Nigerian banks are traditionally known as havens for illicit funds secretly kept away by politicians and government officials. It is also a fact that these banks have assisted corrupt government officials transfer these monies to safe havens abroad. Or how else do these people transfer these monies to their foreign bank accounts? It is true that our banks are partners in crime with thieving politicians and this is despite the Politically Exposed Persons’, PEP, requirements by the regulators. Accounts are usually opened for these people with codes and numbers that only top officials of the banks can interpret.
Recently, Global Financial Integrity group ranked Nigeria as one of the 10 largest countries for illicit financial flows in the world with an estimated $15.7bn illicit funds going through its financial system annually. Of course, the CBN in the light of the revelation made a press release “drawing the public’s attention to several protocols on illicit fund flows, money laundering, and terrorism financing both in Nigeria and around the world, and warned that the bank will increase its vigilance to ensure that Nigerian banks are not used as conduits for illicit fund flows, especially in foreign currencies.”
But the reality is that the CBN and commercial banks are collaborators in hiding and wiring illicit money. If the CBN tacitly alluded to the report by the Global Financial Integrity group, why has it not made a scape goat or shown example with erring banks and their directors? The arrest of Fidelity Bank’s managing director, Nnamdi Okonkwo on his alleged handling of illicit funds to the tune of $115m for former petroleum minister, Diezani Alison-Madueke, ought to give an insight into how banks connive with government officials in stealing the country dry.
In the fight against corruption, government and relevant agencies must beam the searchlight on the banks because whatever money is illegally acquired finds its way into our banks. Government must take it a step further by requiring banks to disclose the names of people who have money in their accounts above a certain amount. How do banks explain the fact that their private banking clients, who are usually ‘PEP’, have money running into billions of naira without any proof of a viable business apart from the fact they have worked in government? It cannot be right and certainly not in the interest of the people that a few people become billionaires overnight by simply working in government while the rest people wallow in poverty.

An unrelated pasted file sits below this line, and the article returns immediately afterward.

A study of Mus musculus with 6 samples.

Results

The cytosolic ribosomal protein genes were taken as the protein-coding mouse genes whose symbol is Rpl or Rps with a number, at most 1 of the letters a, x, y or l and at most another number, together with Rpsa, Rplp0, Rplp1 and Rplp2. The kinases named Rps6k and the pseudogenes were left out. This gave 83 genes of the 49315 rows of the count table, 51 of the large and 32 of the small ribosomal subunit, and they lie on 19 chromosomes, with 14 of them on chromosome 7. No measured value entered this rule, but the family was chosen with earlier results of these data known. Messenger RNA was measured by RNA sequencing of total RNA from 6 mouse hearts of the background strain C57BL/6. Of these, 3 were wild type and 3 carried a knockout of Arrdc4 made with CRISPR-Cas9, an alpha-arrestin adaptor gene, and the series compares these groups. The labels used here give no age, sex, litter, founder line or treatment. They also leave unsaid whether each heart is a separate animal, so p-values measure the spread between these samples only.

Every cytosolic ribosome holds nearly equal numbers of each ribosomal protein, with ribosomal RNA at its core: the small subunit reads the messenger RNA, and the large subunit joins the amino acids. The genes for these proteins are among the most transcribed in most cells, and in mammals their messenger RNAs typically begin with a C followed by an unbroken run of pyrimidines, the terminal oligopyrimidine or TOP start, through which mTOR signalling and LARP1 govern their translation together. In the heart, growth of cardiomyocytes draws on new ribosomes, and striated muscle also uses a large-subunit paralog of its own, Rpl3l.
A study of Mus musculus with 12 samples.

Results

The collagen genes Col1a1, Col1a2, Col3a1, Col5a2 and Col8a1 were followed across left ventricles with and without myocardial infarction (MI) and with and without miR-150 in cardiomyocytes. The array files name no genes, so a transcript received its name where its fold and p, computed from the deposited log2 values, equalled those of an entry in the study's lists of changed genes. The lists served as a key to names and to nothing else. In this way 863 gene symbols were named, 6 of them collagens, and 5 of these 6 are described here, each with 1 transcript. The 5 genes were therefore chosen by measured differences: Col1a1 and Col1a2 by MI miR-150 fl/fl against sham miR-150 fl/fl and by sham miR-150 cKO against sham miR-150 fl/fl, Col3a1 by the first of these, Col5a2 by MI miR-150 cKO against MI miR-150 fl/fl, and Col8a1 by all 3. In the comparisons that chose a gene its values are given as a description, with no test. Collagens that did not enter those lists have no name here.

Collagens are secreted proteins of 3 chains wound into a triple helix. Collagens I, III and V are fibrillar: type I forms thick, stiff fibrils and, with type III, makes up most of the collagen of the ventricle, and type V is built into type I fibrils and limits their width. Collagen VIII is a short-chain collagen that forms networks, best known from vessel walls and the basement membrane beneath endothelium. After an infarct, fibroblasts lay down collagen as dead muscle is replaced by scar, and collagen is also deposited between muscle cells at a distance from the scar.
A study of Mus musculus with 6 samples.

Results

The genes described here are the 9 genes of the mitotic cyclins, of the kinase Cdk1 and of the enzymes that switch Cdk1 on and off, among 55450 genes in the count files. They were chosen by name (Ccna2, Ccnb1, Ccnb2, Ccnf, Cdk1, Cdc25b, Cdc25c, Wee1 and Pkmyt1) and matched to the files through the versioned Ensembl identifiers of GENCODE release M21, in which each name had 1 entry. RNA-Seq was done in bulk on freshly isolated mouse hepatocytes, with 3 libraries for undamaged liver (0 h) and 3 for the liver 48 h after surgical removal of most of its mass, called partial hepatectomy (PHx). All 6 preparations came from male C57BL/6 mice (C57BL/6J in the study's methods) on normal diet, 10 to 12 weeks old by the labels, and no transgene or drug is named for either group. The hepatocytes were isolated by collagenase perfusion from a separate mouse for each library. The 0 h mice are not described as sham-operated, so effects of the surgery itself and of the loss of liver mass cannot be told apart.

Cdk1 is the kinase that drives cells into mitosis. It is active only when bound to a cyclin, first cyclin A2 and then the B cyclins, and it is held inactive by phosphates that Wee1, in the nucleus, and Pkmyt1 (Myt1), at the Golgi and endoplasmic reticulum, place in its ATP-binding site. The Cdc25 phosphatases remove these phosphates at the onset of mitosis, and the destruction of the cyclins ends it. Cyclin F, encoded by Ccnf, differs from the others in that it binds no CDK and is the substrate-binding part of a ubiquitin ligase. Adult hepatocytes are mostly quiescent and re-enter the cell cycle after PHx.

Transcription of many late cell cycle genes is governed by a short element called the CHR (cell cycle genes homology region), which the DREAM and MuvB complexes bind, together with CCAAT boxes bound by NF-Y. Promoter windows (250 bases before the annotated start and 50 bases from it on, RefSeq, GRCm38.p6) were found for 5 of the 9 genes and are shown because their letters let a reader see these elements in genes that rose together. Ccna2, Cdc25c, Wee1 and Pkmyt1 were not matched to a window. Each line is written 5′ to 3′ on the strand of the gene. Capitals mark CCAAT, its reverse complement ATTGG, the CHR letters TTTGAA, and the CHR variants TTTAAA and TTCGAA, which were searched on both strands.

Financial Freedom is currently carrying out a forensic investigation into the activities of banks who have the largest illicit deposit of funds by current and past government officials. The services of experts have been engaged for this exercise and focus is on available evidence of banks and their customers and whatever is unravelled will be published in due course. These customers include past and current DGs of government parastatals, directors of finance and accounts of ministries who are clearly living above their means, past and serving federal permanent secretaries and ministers of government. The same experts have also been engaged in conducting a study and survey into property ownership in Abuja. Nigerians deserve the right to know who owns what property in the city and if such persons have earned the right to live in such opulence.
Following the removal of Commission on Turnover (‘COT’) by the CBN, Nigerian banks have resorted to charging their customers all manner of spurious and illegal charges with different kind of names. First, commercial banks now charge customers who use their debit/credit cards abroad at parallel market rates despite the fact that CBN sells dollars to the banks at N197. These charges vary from N380 to N382 to the dollar and N462 to N470 to the pound. This has also affected people who need to pay school fees and medical bills abroad. This practice is not only illegal but criminal as it is illegal to buy foreign exchange at the official CBN rate and then sell at black market rate to customers.
Second, bank customers are groaning heavily under multiple charges from banks. It would appear that Nigerian banks have clandestinely reintroduced ‘COT’ by way of these spurious charges. For a simple local transfer of N1m, banks charge customers nearly N210 for transfer form, N3 per N1,000 commission on turnover, N105 transfer charges and VAT. And on the other hand, the customer is advised to report rogue banks to CBN’s Consumer Protection Department via e-mail: firstname.lastname@example.org.
On another note, Financial Freedom applauds the intervention of the CBN and minister of labour, Dr. Chris Ngige for stepping in and asking banks to desist from summarily firing their staff. The intervention is in order since no responsible government should sit and watch its citizens get laid off in the name of rising cost of business. Going forward, the CBN and Ngige should immediately institute a bill in the National Assembly to make it difficult for organisations to lay people off at will without due process. What is the justification in sacking employees when banks are still declaring billions of naira in profit? Financial Freedom is compiling the salaries of executive and managing directors of banks in Nigeria and will be making it public soon. It will be crystal clear to Nigerians that if the banks actually want to cut costs, they know the right places to look. Bank MDs cannot continue to earn salaries running into hundreds of millions of naira, fly private jets and then lay people off under the guise that they are no longer making profits.